Ian Jackson writes:
> Robert Sanders writes:
> > Here's what I have in my rc.S now:
> > ...
> >         mount -n -o remount,ro /
> >
> > This obviously isn't perfect, but it at least tries to force the root
> > directory to be read-only, and it's much less error prone than any
> > other mothod I've seen.  At one point I had the script checking root's
> > writability by echoing to a reserved file in /etc, but that's ugly,
> > and the above solution will correct an improperly installed kernel.
> I don't think this is safe.

Well it might not be, but it SHOULD be.

> I was under the impression that if you mount a fs read-write, then
> read-only, and then read-write again, the kernel can buffer stuff
> across the remount(s) in such a way that the filesystem can get
> corrupted if you modify the fs while it is read-only.

What can happen is that blocks that were dirty before the remount to RO
won't get synced at the remount, so you've got dirty blocks hanging around.
That isn't really a problem, however; when *fsck tries to get a block
to read from or write to, it'll get the dirty block which specifies the real
state of the disk anyway.  After doing what it must to that block, the block
will be relegated to the buffer cache again until it's written out by
update(), bdflush(), or fsync().  There's no danger there, just business as

The danger comes in when the filesystem uses buffered devices and *fsck
uses raw devices.  The filesystem could keep dirty buffers in the
buffer cache, but since raw devices bypass the buffer cache, *fsck will
see an out-of-date copy when reading from disk.  *fsck will then modify
the block, write it out, and wind up accomplishing nothing, because when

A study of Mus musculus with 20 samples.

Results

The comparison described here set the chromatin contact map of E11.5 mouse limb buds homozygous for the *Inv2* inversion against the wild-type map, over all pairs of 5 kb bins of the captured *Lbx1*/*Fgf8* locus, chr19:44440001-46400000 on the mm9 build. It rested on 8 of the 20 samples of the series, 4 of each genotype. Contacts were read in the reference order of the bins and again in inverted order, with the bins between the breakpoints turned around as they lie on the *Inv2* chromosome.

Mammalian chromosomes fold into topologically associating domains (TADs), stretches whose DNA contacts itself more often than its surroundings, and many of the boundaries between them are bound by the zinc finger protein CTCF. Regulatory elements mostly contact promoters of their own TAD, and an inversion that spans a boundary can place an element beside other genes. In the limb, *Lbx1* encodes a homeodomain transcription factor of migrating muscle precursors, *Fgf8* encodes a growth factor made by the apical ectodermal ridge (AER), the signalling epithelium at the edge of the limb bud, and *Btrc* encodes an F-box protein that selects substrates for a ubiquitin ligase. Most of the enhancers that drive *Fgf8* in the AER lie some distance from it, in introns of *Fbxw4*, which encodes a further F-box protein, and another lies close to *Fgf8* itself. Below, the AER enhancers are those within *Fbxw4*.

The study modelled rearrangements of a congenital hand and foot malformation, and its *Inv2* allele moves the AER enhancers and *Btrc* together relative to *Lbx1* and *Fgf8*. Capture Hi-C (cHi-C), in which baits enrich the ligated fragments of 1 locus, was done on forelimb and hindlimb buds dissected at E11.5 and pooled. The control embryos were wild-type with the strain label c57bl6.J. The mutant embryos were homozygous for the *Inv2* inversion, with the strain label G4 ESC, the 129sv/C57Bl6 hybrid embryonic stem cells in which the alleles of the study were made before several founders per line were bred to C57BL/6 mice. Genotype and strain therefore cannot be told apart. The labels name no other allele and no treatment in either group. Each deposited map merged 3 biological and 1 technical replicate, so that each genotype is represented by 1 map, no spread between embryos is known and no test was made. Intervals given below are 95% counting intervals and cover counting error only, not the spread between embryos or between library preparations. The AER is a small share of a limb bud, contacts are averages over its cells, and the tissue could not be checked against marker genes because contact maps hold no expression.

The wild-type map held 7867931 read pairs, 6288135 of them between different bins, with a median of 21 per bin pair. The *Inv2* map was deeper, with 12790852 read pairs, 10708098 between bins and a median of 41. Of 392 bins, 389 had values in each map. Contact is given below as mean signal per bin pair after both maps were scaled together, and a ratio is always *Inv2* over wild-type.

the kernel flushes the corresponding buffer, it'll overwrite the block 
*fsck modified.  Linux doesn't support raw devices, and if it did, *fsck
would be safest to fsync() the buffered version of the device before fscking 
the filesystem.  Better yet, do_remount() might need to be modified to
fsync() the remounting device.

> I'd like to see someone knowledgeable about such things comment.

Was that a slight of my knowledge? :-)

> If this is true then perhaps attempting a test write to a file in /tmp
> would be a better idea.
Well, the thing is that a corrupted filesystem wouldn't necessarily benefit
from allocation activity.  That's why i recommended having a pre-allocated
file in /etc which gets 'touch'ed at startup.  If the 'touch' fails, you
know the fs is RW.  If it succeeds, there's not much harm it could do, as
no allocation takes place.  Note that a seriously confused filesystem 
might still be damaged.

If you're still worried about ghost buffers hanging around, my remount
suggestion could be changed to  "umount /" which is translated in-kernel to

      fsync the root device
      remount the root filesystem read-only

which, raw devices or no, is safe, although less obvious.  It doesn't matter
to me, but something should be done.